By Thomas Coyle November 15, 2017

As the owners of bootstrapped RIAs look to achieve scale and growth, some are thinking about taking on outside investors. FA-IQ reached out to Shirl Penney, CEO of wealth firm infrastructure provider Dynasty Financial Partners, to find out how firms taking on new funding can avoid making costly mistakes in the process.

This discussion, which has been edited for clarity, takes place against a backdrop of heightened financial interest in independent wealth firms.

As of Sept. 30, 127 deals involving RIAs had been struck — 20 more than in the first three quarters of the previous year — according to Echelon Partners, a Los Angeles-based investment bank and management consultancy. Meanwhile, with a 19% increase through Q3, 2017 is on track for the fifth straight year of record-setting deal flow.

New York-based Dynasty is plugged into the private client RIA space. Besides supplying fiduciary advice firms with technology, investments and a range of consulting services covering everything from marketing to succession planning, it provides loans to firms in search of funds to retool, expand or diversify.

Penney, who co-founded Dynasty in 2010, says this background helps him and his colleagues spot trends — and their pitfalls — early.

Q. Why are there more wealth firm transactions these days?

A. Simply, the firms are attracting more money. The first thing you have to understand about RIAs and the indie space generally is that there is lots of capital for the wealth management ecosystem. The industry has matured to the point where institutional-quality investors are taking notice. The interest is coming from private equity firms, strategic buyers like banks, asset managers and family offices.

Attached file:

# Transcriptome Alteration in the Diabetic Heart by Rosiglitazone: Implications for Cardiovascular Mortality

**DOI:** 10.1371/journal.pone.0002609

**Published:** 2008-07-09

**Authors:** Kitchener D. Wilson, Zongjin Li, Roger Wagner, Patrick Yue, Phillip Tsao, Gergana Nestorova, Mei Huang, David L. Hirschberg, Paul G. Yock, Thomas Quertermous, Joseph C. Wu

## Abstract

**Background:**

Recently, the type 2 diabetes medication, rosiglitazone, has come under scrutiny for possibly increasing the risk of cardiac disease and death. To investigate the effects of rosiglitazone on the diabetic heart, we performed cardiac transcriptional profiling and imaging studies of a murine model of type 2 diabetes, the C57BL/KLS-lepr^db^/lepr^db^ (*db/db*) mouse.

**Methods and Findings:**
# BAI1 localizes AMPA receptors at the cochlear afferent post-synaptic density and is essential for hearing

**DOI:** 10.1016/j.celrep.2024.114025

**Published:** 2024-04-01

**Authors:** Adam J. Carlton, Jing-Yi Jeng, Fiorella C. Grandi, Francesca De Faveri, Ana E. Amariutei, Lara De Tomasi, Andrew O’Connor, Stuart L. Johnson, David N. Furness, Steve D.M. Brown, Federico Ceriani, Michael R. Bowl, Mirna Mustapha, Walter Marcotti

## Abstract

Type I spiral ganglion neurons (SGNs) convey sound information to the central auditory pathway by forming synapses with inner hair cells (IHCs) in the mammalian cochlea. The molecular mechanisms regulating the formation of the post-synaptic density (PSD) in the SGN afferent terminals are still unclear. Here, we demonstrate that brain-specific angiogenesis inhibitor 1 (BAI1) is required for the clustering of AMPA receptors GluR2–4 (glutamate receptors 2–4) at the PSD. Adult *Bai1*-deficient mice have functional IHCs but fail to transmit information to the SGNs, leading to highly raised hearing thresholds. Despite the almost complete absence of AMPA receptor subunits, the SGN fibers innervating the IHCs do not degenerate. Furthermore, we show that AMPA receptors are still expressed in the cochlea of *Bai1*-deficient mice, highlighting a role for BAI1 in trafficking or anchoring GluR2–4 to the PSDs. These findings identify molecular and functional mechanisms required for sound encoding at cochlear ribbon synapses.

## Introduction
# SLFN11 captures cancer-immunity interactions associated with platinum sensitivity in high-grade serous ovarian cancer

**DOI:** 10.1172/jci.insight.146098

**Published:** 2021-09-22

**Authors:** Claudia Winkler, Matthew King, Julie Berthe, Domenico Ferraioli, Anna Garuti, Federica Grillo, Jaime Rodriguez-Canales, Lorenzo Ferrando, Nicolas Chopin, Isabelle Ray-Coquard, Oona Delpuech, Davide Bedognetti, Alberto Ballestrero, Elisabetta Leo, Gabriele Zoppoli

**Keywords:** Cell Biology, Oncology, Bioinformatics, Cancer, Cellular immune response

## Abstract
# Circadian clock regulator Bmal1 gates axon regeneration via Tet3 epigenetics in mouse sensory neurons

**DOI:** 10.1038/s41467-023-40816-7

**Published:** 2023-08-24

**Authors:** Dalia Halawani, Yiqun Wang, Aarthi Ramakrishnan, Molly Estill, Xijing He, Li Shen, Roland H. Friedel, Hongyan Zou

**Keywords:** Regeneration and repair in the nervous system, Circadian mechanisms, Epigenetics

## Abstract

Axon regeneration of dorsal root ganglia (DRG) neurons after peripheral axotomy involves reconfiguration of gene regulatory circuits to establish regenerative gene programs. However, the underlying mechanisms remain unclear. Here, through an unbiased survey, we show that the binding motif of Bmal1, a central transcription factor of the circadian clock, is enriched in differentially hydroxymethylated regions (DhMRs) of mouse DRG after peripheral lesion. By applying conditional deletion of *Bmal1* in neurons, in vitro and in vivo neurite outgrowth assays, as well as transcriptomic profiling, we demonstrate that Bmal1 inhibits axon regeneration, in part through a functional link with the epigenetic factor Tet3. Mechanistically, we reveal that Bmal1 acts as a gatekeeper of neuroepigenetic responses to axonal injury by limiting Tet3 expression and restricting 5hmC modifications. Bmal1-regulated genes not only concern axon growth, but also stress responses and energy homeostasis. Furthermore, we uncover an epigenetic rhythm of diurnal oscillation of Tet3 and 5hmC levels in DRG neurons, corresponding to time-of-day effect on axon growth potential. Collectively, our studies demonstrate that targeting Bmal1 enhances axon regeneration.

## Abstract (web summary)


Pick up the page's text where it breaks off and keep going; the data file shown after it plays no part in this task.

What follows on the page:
RIAs need to realize the buyer across from them does this for a living; it’s what they think about and practice all the time, not just as a sideline to doing something else.
Shirl Penney
Dynasty Financial Partners

Q. What’s motivating potential buyers?

A. First, the level of professionalism at RIAs has really gone up. For strategic buyers who are often the highest payers, buying an RIA can be about diversifying, or it can be a way to tap into better distribution intelligence. Just look at BlackRock’s investment in iCapital Networks, an alternatives platform. BlackRock wants a better pipeline. So, as firms like United Capital and HighTower continue aggregating more firms together, some RIAs are overcoming an historic challenge to private equity firms taking an interest in them by being big enough to justify a PE firm’s participation and answer questions about an investment that may be posed by their boards or come up in their due diligence. And of course for an RIA, buying another RIA can be a great way to achieve scale or growth and get into new markets. That’s an aspect of the M&A activity in this space we’re seeing a lot more of.

Q. Does this heightened interest pose dangers to RIA owners?

A. In a sense, yes. When they’re facing off against professional investors, they have to realize the people across from them do this for a living; it’s what they think about and practice all the time, not just as a sideline to doing something else. Because of that – and because it can be a very exciting and distracting process for people who don’t do it all the time – it’s best to seek professional guidance.

Shirl Penney

Q. You say there’s M&A money out there targeting RIAs. Is it a tide that raises all boats, or can firms increase their attractiveness?

A. As I said, it’s a big mistake not to get guidance when a deal is in view. But before then, firms that don’t take steps to professionalize are at a disadvantage. Buyers are looking for operational efficiency, growth, investment consistency, a thoughtful succession plan, and of course books and records that are current and clean.

Q. You mentioned family offices — the often closed-door investment managers of the super-wealthy — as buyers in this market. What’s sparking their interest in RIAs?

A. There are a couple of things going on. Family offices want to own annuitized revenue streams, which they see as an element of a fee-based business like wealth management. These entities are also at a high level of sophistication, and they think if you’re going to play wealth management, you should play independent wealth management for better growth prospects. And there’s a strategic element. An RIA can provide expertise, in certain asset classes or in terms of robust financial planning. So, from the perspective of a family office, an RIA can provide good potential return and access to valuable intellectual capital.